Biography of Dr. Reist

Dr. Henry Gerber Reist was born 27 May, 1862, in Mount Joy, PA. He was an outstanding student going on to earn a degree in mechanical engineering at Lehigh University in 1886. The same school awarded him an honorary doctoral degree in 1922. In 1908 he married Margaret Breed of Lynn, Massachusetts.

After several earlier positions, Dr. Reist joined General Electric in Schenectady in 1894 taking charge of the design of alternating-current machinery. He remained head of this department at GE until his retirement in 1931. During his tenure he oversaw the design of some of the most important and prestigious power generating equipment in the world, e.g. the Conowingo generators in Maryland, the Keokuk and Cedar Rapids generators on the Mississippi River in Iowa, and the Niagara water wheels in western New York.

Dr. Reist was a botanist, horticulturist, painter, photographer, member of the Union College faculty, member and officer of the Schenectady Park Board, a member of various honorary and professional societies, holder of many patents in electrical engineering (especially those related to fabricated castings), a widely published author of engineering studies and author of an important family genealogy. He traveled widely including trips to Japan and China.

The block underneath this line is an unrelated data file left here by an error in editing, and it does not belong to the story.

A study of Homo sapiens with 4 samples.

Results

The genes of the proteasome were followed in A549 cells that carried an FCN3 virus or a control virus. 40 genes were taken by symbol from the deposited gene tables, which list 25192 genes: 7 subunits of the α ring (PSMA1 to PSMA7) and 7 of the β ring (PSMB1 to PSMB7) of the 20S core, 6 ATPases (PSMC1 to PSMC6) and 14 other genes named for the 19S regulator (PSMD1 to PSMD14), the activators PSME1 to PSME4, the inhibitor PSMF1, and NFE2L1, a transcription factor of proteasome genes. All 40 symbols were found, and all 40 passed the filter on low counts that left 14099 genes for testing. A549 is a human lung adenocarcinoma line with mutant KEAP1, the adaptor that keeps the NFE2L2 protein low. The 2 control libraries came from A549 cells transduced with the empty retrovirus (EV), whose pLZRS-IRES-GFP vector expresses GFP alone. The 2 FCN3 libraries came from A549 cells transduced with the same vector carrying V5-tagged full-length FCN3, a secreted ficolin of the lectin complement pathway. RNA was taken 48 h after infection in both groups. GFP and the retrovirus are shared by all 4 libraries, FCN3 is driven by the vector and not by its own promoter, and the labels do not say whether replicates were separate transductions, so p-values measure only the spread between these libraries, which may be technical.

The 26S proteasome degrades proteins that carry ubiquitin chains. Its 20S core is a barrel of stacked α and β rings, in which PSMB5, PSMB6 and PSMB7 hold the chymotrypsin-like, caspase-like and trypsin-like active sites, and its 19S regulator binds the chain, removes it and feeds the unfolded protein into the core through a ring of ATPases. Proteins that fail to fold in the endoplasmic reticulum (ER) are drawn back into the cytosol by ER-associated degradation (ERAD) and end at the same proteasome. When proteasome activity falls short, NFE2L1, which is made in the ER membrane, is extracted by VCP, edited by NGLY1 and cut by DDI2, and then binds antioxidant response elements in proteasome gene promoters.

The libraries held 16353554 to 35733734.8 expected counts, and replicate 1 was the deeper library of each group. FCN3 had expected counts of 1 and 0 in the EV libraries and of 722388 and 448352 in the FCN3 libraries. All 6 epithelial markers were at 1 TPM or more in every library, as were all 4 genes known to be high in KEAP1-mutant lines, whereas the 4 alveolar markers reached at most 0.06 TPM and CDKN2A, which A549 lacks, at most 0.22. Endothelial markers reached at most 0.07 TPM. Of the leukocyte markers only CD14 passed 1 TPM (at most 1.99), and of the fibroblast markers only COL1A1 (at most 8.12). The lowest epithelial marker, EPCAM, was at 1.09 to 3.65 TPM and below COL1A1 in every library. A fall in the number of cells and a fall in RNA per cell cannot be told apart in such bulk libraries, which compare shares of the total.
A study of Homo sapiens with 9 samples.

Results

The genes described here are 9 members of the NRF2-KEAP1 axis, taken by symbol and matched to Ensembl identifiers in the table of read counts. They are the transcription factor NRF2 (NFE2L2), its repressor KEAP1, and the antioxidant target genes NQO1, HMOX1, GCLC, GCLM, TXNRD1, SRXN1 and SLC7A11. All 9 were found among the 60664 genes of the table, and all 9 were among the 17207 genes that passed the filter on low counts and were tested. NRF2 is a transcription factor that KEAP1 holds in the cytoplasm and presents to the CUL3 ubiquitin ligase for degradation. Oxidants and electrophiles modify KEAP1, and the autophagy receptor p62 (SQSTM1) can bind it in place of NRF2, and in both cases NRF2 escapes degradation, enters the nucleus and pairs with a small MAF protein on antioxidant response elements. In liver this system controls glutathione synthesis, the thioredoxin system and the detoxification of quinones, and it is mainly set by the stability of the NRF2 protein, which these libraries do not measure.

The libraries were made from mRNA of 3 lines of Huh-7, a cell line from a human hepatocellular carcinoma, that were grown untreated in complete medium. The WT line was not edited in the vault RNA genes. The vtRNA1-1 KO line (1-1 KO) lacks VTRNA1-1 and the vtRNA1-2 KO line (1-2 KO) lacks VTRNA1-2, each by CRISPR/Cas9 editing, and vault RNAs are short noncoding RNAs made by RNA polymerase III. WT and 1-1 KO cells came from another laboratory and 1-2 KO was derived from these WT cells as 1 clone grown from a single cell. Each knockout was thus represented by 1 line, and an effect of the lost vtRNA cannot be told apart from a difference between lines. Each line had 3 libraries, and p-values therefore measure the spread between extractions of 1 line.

He acquired the Sanctuary lands in the late 1920s or early 1930s. These lands had been the farm of the Pearse family, one of the founding families of Niskayuna. In 1934 he contracted with Paul Schaefer for the restoration of the still standing Pearse homestead on St. David’s Lane. In exchange for his services Paul received a three-acre portion in the northeastern corner of the farm which became the site of his home, now the Center for the Forest Preserve of the Association for the Protection of the Adirondacks.

Dr. and Mrs. Reist lived in the Realty Plot in Schenectady until his death on 5 July, 1942, at the age of 80. Mrs. Reist assigned this land, 109 acres in extent, to the Hudson-Mohawk Bird Club on 17 November, 1965, with expressed limitations:

“ . . . that the premises here in conveyed shall forever be held as a bird sanctuary and nature preserve for scientific, educational, and esthetic purposes, and shall be maintained as far as practical in their natural state and managed in accordance with sound conservation practices, including the undertaking of scientific research projects, the maintenance of fences and foot trails and provided that a nature center and/or club headquarters may be constructed thereon”.

People who have the good sense to set land aside for parks, preserves and wild areas are among the wisest of the wise.